September 17, 2015

So I’m wondering what if you started with position counting circles (e.g., in context of highway travel (miler per hours and mile markers). In the context of counting, the teacher enters in the count into desmos so that a graphical view of the count (position vs time) is projected. Of course, you pause for discussion about the count at key times. Students get to see the graph being made and its trend, (wrong) counts that buck the trend. Whoa what happened to car when the graph and count went negative (Maybe it crossed a state line?). On other counts, stop before close to the end and ask, “Who will be the person to who counts the moment where the car crosses the state line? How did you figure that out?” Whatever. Ask questions about why the graph looks the way it does…

The desmos count file might be something like this (click the image), but with position instead of velocity:

Then: What if after practice with circle counting, class discussion around that, etc.– you gave students a buggy, a buggy highway, and starting position and asked them to design an experiment to figure out “the count” for their buggy and what it’s graph looked like. You would probably want to require them to collect enough data points that they can make a graph.

Of course, since it’s in desmos, you’d use the desmos’ activity builder, you’d overlay their graphs at the front of the room. More discussion around that. At some point, depending on your class, you’d move to equations for the lines.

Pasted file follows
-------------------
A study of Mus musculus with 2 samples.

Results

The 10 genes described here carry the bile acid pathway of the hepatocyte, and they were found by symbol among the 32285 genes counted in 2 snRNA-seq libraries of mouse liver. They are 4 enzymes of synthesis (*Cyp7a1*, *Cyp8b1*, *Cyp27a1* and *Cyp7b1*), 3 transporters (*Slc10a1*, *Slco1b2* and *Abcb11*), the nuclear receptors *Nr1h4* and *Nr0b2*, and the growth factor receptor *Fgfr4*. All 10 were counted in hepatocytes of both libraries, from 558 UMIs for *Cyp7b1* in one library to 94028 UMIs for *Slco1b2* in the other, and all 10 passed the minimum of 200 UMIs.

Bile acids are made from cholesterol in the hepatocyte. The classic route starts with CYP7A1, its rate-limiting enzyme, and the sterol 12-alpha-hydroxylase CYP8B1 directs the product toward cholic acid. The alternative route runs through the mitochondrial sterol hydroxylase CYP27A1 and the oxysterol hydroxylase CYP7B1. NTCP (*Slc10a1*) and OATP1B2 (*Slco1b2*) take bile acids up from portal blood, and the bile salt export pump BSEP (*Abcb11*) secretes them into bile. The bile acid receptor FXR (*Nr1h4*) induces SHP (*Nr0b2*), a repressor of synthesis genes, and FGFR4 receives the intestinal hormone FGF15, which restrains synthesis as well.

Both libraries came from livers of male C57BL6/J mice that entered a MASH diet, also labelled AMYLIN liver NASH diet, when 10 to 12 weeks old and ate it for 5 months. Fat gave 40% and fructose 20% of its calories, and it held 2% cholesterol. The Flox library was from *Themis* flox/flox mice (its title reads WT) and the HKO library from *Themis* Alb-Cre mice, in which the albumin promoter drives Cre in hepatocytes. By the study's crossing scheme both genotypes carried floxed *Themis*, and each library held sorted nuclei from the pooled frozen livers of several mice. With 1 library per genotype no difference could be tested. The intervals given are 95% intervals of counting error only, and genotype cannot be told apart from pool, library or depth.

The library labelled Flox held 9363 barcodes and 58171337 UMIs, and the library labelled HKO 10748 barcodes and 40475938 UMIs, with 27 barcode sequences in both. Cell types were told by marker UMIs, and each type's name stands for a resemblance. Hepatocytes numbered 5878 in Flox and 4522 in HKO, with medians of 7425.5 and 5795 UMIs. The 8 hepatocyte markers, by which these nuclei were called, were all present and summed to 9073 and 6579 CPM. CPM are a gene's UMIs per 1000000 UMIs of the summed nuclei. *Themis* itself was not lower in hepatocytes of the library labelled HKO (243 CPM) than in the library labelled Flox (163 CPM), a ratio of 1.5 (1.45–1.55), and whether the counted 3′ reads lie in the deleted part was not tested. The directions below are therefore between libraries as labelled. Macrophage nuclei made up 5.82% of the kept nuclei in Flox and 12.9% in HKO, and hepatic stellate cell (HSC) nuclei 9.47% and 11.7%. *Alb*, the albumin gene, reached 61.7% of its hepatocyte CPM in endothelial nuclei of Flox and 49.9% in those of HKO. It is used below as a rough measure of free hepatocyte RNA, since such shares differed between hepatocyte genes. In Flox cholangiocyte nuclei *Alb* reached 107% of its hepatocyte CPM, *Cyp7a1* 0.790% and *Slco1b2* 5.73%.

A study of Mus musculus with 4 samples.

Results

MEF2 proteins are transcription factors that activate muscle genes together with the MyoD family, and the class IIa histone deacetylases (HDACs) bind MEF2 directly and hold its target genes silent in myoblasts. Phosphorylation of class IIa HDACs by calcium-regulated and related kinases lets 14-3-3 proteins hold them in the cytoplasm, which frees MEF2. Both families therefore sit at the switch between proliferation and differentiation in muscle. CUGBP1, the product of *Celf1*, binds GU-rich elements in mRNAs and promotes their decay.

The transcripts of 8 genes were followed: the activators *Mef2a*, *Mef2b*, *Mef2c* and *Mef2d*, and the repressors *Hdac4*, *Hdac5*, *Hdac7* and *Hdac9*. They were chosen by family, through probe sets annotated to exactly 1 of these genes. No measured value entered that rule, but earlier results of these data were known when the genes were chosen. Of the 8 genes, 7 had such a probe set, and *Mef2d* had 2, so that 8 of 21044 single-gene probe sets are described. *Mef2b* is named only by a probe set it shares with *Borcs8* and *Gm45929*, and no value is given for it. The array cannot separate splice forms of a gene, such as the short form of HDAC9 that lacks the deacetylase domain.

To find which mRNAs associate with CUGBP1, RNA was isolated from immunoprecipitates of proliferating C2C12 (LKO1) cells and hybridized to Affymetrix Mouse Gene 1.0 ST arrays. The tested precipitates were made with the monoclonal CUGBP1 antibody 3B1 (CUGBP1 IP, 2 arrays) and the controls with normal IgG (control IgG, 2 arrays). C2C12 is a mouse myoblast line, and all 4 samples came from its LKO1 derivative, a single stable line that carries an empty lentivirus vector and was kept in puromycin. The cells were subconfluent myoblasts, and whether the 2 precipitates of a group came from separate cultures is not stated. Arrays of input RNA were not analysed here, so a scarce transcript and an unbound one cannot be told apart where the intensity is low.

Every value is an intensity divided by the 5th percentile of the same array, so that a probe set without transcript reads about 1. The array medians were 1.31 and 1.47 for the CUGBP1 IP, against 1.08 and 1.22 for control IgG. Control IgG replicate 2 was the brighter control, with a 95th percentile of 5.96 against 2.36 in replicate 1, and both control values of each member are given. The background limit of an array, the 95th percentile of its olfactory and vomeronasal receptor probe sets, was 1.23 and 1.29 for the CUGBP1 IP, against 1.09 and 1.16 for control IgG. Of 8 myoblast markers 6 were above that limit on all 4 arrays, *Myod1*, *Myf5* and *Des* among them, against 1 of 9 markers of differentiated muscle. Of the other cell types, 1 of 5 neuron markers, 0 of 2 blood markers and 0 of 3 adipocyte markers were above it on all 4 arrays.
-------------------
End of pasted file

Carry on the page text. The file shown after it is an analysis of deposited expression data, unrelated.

I’m just curious how that would be different than starting with the buggy lab– specfically using counting circles and graphical displays of counting circles as the lead in into the buggy lab.

Possible thoughts you might have:

  • That’s the worst idea ever, you need to start with phenomena. This is a physics class!
  • Even with starting with “mph” (as an everyday idea), that idea can still to too hard for some students (haven’t you see that video!)
  • Giving them the common experience of the “count” and seeing the graph might make the instructions for the experiment grounded. I can imagine students feeling they know what they are supposed to be doing, in a way that hasn’t required lots of vocabulary or direct instruction.
  • Asking about the count for the experiment is “babying” them, you need to introduce position, change in position language from the start.